Should Breastfeeding in Public be Praised or Criticized? The Ever Growing Debate

The debate over breastfeeding in public is yet another powder keg in the never-ending culture wars. Suddenly, a mother feeding her child in public has become a political statement in itself.  

As pediatricians increasingly promote breastmilk over formula, mothers can be found feeding their babies in stores, parks, banks, and libraries. With more women nursing openly in all spaces, we’ve seen an explosion of think pieces, blog posts, and editorials loudly promoting or condemning this practice.  

Those who are in favor  

Advocates in favor of breastfeeding in public say it is absolutely essential for modern mothers with busy lives. These days, women compete to live up to the “supermom” standard. Their days are full of packing lunches, grocery trips, walking the dog, laundry, blogging, day trading, PTA meetings, and chauffeuring kids to soccer practice. They argue that moms on the go should be free to nurse their babies wherever and whenever.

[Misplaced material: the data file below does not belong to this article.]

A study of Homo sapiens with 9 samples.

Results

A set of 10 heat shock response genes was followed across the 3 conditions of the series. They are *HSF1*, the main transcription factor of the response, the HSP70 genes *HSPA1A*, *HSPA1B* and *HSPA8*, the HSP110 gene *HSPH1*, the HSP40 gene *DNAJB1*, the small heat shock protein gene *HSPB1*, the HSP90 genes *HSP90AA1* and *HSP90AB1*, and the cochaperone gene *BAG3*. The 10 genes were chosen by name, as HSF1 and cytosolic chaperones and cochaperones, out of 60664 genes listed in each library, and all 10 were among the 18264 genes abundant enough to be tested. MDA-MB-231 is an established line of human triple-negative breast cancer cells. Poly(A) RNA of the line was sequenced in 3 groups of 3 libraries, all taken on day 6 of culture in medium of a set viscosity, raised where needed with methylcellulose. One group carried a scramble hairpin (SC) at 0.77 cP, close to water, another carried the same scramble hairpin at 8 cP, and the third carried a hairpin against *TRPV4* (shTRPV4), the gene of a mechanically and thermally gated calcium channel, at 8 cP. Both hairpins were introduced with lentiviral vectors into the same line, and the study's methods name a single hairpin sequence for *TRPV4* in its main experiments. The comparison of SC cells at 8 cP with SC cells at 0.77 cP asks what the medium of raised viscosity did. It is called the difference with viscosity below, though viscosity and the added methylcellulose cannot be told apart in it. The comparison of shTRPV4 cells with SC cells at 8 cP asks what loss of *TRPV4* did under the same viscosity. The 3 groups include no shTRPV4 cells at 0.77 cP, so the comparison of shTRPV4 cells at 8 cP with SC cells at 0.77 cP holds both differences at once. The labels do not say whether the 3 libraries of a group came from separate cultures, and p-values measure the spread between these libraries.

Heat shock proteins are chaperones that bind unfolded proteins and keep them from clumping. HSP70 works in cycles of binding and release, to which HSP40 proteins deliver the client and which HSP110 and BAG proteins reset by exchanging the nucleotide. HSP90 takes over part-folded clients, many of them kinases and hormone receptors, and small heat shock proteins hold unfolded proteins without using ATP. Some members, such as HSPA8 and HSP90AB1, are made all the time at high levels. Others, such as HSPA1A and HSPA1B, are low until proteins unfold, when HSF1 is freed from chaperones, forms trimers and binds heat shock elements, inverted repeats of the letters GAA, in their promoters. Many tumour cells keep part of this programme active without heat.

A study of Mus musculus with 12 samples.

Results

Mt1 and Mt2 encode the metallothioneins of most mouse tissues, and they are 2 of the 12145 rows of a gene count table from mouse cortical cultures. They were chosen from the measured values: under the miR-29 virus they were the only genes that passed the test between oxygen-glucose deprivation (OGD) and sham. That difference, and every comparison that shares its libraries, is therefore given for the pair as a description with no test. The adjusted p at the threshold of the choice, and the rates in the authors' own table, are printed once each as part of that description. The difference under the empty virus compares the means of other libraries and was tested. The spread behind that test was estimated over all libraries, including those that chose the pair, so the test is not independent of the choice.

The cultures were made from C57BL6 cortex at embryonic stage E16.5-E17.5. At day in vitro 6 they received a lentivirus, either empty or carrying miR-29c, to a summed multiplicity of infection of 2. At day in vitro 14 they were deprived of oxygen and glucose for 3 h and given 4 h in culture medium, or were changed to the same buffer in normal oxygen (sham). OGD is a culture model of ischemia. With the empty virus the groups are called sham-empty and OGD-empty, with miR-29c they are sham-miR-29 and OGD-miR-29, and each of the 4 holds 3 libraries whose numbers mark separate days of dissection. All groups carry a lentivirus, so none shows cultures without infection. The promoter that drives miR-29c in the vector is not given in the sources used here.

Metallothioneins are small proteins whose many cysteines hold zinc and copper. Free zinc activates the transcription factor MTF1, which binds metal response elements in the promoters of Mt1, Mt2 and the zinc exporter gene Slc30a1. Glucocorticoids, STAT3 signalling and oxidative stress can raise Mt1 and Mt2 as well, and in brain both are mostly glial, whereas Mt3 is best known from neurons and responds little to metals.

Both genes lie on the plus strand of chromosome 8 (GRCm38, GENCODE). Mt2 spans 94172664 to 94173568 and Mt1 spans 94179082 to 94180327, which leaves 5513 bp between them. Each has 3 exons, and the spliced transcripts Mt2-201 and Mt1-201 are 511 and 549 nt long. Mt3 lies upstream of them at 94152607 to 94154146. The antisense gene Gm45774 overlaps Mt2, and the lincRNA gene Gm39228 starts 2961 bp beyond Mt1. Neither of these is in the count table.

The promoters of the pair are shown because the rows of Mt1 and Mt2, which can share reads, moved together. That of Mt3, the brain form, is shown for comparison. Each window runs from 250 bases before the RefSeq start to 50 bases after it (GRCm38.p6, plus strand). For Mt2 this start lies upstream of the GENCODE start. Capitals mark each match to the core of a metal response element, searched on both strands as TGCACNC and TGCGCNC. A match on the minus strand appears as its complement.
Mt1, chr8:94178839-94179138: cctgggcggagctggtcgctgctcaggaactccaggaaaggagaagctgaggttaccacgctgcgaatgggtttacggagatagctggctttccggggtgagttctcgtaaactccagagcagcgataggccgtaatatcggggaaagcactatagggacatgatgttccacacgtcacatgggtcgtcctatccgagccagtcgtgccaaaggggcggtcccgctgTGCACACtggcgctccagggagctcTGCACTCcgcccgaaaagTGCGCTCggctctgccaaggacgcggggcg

Many of these women buck against public pressure to nurse in lactation rooms or behind a breastfeeding cover. They see so-called “public decency” arguments as thinly veiled attempts to regulate women’s bodies and limit their freedoms. For them, breastfeeding in public has become an act of rebellion and self-expression.  

Should a mother’s intimate moments with her baby be shared with others?  

Meanwhile, critics see the issue as a question of public decency. Many people are uncomfortable with women breastfeeding just anywhere. Does everyone need to share this intimate moment with you at the bank, they ask? What about in courtrooms or the workplace?  

Many critics ask whether the brazen act of breastfeeding in public is necessary to begin with when there are so many other options available.  

Instead, they encourage mothers to pump plenty of milk before leaving the house or to nurse in the privacy of their cars, a bathroom, or lactation rooms. This view is supported by the endless assortment of chic nursing shawls and scarves available online which are designed to allow women to feed their baby discreetly.  

So who is right in all of this?  

As the culture wars rage on in the news and social media, the most any mother can do is decide for herself. Some women will continue to champion the appropriateness of breastfeeding in public, regardless of the situations.  

It was only this past June that a representative in the Australian parliament, Larissa Waters, made history by breastfeeding her 14-week-old baby while addressing the chamber on camera.  

While many moms may be inspired by her example, others will continue to choose the privacy of their homes or cars to feed their children. The ebb and flow of social change is beyond the control of any one person. For now, each woman can only decide for herself.